The Dangers of Truck Driver Fatigue
Accidents involving large commercial trucks tend to have especially devastating consequences. This is largely attributed to the fact that these vehicles can weigh as much as 80,000 pounds and often transport dangerous or hazardous materials. To help prevent these types of accidents, the Federal Motor Carrier Safety Administration (FMCSA) requires drivers and their employers to comply with strict guidelines regarding loading procedures, driver qualifications, and driving time. The rules restricting truck drivers from operating vehicles for more than a certain amount of time every day play a particularly important role in preventing truck accidents, as it is estimated that as many as ten percents of all truck drivers who were involved in accidents were fatigued when the crash occurred.
What is Driver Fatigue?
Fatigue is the term used to describe the point at which either physical or mental exertion starts to impair another person’s reaction time and ability to make decisions. Although driving while fatigued is dangerous for anyone who operates a motor vehicle, it can be deadly for truck drivers, whose much larger vehicles can cause a devastating amount of damage. Fatigue has a number of different causes, but the most common include working long hours with inadequate breaks, health-related issues, taking medications that cause drowsiness, and suffering from a general lack of sleep. Whatever the cause, driving while fatigued is not only dangerous but also violates FMCSA regulations, especially if the driver has violated driving time requirements.
Driving Time Restrictions
The FMCSA specifically requires truck drivers to take at least one half-hour break every eight hours. Drivers are also prohibited from:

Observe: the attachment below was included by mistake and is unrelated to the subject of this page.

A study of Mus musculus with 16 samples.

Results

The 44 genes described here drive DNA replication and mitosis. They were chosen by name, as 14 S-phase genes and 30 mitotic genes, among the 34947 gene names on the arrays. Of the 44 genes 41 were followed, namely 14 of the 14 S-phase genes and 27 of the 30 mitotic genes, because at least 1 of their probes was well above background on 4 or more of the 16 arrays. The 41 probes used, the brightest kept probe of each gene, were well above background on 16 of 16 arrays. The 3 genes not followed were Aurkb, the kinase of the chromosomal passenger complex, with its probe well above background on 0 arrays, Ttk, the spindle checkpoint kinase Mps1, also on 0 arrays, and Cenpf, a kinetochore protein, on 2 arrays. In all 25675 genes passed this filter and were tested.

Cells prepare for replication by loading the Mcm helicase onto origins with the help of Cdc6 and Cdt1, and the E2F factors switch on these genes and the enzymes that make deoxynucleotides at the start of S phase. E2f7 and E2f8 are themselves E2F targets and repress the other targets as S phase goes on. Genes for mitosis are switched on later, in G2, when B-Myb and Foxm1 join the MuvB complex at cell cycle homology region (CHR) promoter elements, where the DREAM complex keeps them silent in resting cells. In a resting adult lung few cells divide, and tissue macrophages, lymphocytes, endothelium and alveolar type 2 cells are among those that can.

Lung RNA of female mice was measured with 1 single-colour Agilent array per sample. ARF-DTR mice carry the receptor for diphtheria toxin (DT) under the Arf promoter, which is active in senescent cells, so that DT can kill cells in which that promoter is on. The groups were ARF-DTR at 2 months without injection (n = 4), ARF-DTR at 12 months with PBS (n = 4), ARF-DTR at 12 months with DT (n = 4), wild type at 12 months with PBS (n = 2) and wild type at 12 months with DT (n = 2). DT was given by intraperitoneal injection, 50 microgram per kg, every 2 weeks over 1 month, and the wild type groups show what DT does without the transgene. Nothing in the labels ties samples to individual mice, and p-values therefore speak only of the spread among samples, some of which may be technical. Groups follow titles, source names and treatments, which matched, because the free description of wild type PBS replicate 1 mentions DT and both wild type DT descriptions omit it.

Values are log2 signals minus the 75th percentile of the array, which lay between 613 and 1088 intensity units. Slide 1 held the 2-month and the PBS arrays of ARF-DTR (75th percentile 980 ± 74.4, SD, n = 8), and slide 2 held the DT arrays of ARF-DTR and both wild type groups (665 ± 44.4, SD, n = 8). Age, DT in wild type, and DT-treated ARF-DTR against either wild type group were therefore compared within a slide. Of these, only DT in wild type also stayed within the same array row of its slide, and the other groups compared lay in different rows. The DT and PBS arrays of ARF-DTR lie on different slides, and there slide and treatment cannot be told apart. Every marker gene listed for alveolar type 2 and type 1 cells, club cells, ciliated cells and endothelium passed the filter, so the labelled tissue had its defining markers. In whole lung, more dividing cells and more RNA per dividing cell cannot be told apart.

- Starting a shift without first having at least ten straight hours off duty;
- Operating a truck if they have worked more than 60 hours over the previous seven days;
- Driving a truck if they have worked for more than 70 hours in the last eight days; and
- Driving in excess of 11 out of every 14 hours.
Proof that a driver has violated one of these rules can play a substantial role in helping accident victims establish that a truck driver’s fatigue was the cause of their crash. To help demonstrate the violation of these rules, injured parties should look to specific evidence, including the police report, the driver’s log books, data recorded on in-vehicle technologies, and the driver’s medical exam results.
Contact an Experienced Truck Accident Attorney Today
Please contact Brown & Gould, PLLC at 405-235-4500 to speak with a compassionate and dedicated attorney about your own accident. We understand that you may be dealing with lingering injuries and so are happy to schedule an off-site visit or set up an evening or weekend appointment.